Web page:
About accessibility at the municipal level

By Sarah RaparoliLex KlerenMisch Pautsch Switch to German for original article

Advocacy groups have high hopes for the new law on accessibility in public places. But how accessible and inclusive have municipalities been so far? And who is setting a good example? The Lëtzebuerger Journal in conversation with associations, stakeholders and community leaders.

"We expect a lot from the new law." Yannick Breuer, Accessibility and Tourism Coordinator at Info-Handicap, talks about the law that will come into force on 1 July and will ensure that all public spaces, streets and other places are accessible to everyone (more information on the new law can be read here). "Building owners will face penalties if they do not comply. It can go as far as demolishing the building in question." Info-Handicap has partnered with the National Centre of Excellence for Accessibility to Buildings (ADAPTH) to train technical inspectors, he says. These people will be responsible for monitoring compliance with the text of the law. "Every building is affected, so we need enough staff."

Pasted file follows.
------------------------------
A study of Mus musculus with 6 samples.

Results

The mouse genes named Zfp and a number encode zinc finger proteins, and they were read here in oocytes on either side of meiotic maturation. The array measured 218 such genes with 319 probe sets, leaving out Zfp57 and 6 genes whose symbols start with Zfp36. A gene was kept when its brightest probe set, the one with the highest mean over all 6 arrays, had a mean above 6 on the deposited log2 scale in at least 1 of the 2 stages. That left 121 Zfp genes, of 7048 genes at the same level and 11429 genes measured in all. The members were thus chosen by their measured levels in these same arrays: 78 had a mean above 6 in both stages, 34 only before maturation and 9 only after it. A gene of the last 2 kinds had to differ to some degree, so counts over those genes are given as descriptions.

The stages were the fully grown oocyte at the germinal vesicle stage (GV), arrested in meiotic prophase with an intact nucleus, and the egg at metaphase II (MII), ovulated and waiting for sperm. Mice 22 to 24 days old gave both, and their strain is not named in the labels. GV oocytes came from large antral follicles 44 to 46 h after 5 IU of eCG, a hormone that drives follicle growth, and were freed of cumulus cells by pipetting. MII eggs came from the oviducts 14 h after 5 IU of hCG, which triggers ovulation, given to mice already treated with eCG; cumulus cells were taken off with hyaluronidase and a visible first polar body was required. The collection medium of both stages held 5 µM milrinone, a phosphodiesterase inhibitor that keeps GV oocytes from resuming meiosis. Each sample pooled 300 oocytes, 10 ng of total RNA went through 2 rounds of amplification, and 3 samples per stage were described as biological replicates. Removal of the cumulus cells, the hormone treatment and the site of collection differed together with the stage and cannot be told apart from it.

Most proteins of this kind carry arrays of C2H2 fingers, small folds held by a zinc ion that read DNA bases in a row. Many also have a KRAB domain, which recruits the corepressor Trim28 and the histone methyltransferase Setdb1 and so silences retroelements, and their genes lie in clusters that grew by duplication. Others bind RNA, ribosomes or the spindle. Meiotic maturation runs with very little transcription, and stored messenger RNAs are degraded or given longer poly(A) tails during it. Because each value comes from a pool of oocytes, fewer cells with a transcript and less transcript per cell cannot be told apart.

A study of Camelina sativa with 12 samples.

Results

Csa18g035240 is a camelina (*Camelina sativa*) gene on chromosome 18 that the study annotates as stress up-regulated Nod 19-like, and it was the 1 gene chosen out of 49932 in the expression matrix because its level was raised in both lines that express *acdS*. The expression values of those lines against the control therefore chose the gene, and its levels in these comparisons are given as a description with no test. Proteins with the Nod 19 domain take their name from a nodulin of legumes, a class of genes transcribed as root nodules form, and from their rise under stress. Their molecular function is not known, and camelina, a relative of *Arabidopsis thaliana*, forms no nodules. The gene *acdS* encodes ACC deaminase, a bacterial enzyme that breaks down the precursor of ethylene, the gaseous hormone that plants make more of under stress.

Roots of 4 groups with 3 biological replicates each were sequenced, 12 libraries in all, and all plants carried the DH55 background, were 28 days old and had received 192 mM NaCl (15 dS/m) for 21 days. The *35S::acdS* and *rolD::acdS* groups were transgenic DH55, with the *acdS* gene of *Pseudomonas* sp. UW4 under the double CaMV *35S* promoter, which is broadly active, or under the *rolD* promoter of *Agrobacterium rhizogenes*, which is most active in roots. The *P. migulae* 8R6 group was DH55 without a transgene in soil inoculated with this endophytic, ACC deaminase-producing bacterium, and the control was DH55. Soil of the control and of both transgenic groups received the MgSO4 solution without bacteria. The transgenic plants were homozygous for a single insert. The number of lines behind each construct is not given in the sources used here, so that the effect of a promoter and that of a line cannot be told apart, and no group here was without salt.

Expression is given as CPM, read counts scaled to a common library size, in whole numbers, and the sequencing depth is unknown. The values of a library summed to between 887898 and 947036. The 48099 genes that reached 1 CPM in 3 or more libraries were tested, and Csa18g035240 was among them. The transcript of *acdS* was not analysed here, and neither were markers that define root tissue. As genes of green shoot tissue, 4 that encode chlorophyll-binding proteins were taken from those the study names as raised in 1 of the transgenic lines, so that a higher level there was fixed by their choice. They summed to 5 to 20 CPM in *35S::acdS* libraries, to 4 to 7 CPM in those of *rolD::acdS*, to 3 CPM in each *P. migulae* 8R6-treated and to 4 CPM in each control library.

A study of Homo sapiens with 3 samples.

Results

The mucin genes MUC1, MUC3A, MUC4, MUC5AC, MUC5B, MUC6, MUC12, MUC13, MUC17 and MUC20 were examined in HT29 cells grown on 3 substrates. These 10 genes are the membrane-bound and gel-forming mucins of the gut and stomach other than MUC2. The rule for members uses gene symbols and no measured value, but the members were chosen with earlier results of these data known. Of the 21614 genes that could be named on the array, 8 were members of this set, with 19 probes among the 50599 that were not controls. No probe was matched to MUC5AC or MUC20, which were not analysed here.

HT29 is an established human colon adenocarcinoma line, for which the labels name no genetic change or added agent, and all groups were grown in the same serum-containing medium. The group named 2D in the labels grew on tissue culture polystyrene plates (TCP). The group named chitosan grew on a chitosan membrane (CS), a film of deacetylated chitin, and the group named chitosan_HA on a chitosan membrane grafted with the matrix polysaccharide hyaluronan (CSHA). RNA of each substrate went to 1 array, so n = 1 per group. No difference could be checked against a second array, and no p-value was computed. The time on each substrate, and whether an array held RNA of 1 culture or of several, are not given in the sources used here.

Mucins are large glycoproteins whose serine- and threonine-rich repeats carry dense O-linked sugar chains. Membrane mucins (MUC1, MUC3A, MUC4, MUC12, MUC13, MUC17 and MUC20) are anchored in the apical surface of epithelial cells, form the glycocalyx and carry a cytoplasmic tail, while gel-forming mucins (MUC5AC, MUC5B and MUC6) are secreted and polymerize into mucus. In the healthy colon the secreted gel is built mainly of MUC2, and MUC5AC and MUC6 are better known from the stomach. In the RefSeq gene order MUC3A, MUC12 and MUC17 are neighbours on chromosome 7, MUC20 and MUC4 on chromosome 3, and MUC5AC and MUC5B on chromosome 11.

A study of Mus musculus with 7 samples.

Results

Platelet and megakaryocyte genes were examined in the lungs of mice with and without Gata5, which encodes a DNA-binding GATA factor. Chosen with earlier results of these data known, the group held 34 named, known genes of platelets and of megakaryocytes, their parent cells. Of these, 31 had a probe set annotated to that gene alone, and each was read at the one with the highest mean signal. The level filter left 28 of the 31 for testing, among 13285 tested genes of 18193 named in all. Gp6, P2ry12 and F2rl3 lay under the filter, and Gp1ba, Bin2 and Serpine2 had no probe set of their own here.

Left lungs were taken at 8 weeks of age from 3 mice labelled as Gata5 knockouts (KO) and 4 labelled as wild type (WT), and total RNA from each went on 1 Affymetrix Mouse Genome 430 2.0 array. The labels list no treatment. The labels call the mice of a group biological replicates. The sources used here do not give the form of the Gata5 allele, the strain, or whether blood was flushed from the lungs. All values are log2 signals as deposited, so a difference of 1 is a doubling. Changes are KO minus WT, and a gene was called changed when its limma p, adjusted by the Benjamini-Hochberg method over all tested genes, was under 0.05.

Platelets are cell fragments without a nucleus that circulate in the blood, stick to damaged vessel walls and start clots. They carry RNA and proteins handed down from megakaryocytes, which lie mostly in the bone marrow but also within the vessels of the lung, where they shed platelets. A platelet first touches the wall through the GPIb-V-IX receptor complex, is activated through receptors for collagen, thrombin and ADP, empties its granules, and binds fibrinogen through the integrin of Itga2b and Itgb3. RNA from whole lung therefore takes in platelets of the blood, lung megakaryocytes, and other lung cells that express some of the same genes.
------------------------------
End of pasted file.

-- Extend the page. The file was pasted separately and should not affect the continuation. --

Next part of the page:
If Breuer is to be believed, accessibility and inclusion are still not a matter of course at the municipal level. Often it also depended on the will of the respective ministry – he mentions public transport in rural areas – but "in such cases the municipality can stay on it and follow up". The reality were that many people are not taken into account. "The parties should think about it, because after all it is 15 per cent of the voters who are affected, " Breuer says. He knows that it is more difficult in smaller communities. "Where fewer people work and where the mayor has another job – there is less implementation because the necessary logistics are missing."